Most Americans know John Ratzenberger as “Cliff Claven” from the hit television show “Cheers,” but in recent years, he has taken up the cause of American manufacturing.
Ratzenberger grew up in Bridgeport, Conn. where manufacturing “hummed through the streets,” as he put it. “My heroes were the tool and die makers and the factory workers. Manufacturing is in my DNA.”
Host of “John Ratzenberger’s Made in America” on the Travel Channel, Ratzenberger highlights manufacturers from around the country and pays homage to the men and women who work in America’s factories.
“There aren’t many companies anymore who completely manufacture their products in the U.S.,” Ratzenberger said.
Ratzenberger has also published a book entitled “We've Got it Made in America: A Common Man's Salute to an Uncommon Country.” Like his Travel Channel show, the book salutes the American factory worker and is coupled with thought-provoking essays on American life.
A major concern of Ratzenberger’s is the export of manufacturing jobs overseas and the future of American manufacturing, coupled with the rise of China in the global manufacturing industry.
“The average factory worker is 52 right now. Soon those workers will be retiring and we will be in trouble,” Ratzenberger said. “After President Clinton signed the final NAFTA agreement, that big sucking sound we heard was our jobs going overseas, as Ross Perot put it. It was amazing that the CEO of Mattel, a major American company, was apologizing to China. I never thought I would see the day.”
Ratzenberger is currently touring the country in partnership with the Alliance for American Manufacturing in an attempt to bring the plight of the American factory worker to the forefront of the presidential race. Targeting voters in key states like Iowa and New Hampshire, Ratzenberger will encourage voters attending these town hall meetings to ask presidential candidates to disclose where they stand on issues relating to American manufacturing, including the controversial issue of exporting jobs overseas.
“I’m proud to partner with AAM on the ‘Keep it Made in America’ Town Hall Series. I’ve traveled all across this country and I’ve seen firsthand how manufacturing drives our economy. Our manufacturers, workers and their communities are the heart and soul of America,” said Ratzenberger. “In this presidential election, we have a chance to make the voices of American manufacturing heard in places like Iowa, New Hampshire and South Carolina where it matters first. We're going to educate and inspire voters to ask the candidates the hard questions about jobs and to find out how they will 'Keep it Made in America'.”
According to Ratzenberger, many politicians refer to the U.S. economy as a “service-based” economy, but he doesn’t feel this is the right way to look at America’s economic future.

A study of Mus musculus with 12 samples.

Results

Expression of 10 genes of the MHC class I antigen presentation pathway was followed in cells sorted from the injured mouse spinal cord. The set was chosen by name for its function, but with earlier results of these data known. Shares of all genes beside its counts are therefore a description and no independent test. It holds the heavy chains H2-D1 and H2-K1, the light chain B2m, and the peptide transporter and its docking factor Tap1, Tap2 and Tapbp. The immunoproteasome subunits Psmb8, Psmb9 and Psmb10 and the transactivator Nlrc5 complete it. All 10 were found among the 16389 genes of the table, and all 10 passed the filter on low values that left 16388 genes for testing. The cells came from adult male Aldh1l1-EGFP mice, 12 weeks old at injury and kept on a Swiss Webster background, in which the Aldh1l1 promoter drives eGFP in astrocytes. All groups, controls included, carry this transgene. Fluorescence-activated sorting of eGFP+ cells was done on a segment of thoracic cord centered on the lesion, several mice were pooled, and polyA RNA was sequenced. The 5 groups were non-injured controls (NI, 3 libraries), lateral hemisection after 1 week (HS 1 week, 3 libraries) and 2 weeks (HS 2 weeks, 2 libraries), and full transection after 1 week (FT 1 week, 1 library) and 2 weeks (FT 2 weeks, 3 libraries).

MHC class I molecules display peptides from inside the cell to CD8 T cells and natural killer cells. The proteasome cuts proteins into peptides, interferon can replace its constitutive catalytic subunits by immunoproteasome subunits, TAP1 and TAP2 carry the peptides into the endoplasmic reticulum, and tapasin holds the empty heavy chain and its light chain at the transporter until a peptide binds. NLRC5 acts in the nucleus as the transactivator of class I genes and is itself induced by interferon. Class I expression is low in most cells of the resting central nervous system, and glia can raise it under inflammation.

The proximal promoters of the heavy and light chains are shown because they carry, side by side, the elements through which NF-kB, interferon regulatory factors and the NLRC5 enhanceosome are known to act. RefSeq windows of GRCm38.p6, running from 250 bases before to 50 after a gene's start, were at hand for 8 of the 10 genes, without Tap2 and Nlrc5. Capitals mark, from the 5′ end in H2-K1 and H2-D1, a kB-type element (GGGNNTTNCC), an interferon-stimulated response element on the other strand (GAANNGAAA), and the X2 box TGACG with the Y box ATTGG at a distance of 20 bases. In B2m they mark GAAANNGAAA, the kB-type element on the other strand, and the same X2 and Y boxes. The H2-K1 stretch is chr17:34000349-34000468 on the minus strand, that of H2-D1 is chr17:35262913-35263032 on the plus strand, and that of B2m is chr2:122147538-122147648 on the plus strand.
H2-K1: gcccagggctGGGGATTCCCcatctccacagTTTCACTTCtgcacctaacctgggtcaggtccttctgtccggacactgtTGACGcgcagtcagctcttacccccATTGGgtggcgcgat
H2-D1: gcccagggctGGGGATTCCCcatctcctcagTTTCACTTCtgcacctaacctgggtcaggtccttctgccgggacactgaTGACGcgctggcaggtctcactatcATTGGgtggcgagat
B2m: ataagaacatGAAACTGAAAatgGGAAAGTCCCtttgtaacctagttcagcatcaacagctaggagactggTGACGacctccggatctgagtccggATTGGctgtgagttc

“When I ask what their son or daughter does and they answer ‘stockbroker,’ or ‘works at McDonalds.’ I say ‘OK, then who is making the products they sell’?” Ratzenberger explains. “Everything in our economy comes down to manufacturing. Take national security. Most weapons and bullets are not made in America. Talk about a security issue. You definitely want to oversee that process.”
Another issue Ratzenberger is concerned with is the elimination of shop classes from American school systems.
“It is a shame that kids don’t have shop class,” Ratzenberger said. “When filling out some job applications, individuals may be asked to mark specific points on a sample ruler as part of the application and most graduates can’t do it. This is because of the lack of shop and home economics classes in the schools.”
According to Ratzenberger, a better model for trade education is the German method, where students are asked at a young age to pick either a craftsperson’s education track or a college preparatory track, but respect and value is given to both groups of students.
“We Americans have to respect those who are in the manufacturing industry and not just those who went to college,” Ratzenberger said. “The Germans respect their tradesmen.”
An inventor in his own right, Ratzenberger developed packaging alternatives made from biodegradable and non-toxic recycled paper in 1989 as en eco-friendly alternative to Styrofoam "peanuts” in 1989. The “Quadra-pack” was quickly adopted by big-name companies such as Hallmark, Elizabeth Arden, and Nordstrom.
When asked if he could develop any new product, what would he produce, Ratzenberger thought for a moment and then responded “I would make a kit that would interest kids in tinkering again and going outside. Skinning your knees is better than staying inside playing video games - or making wine bottles,” Ratzenberger joked. “I like wine bottles.”
Editor’s Note: Ratzenberger’s show, “John Ratzenberger’s Made in America,” can be seen on the Travel Channel Tuesday nights and his book, “We've Got it Made in America: A Common Man's Salute to an Uncommon Country,” can be purchased through the Manufacturing.net bookstore. For more on the ‘Keep it Made in America’ tour, visit www.americanmanufacturing.org.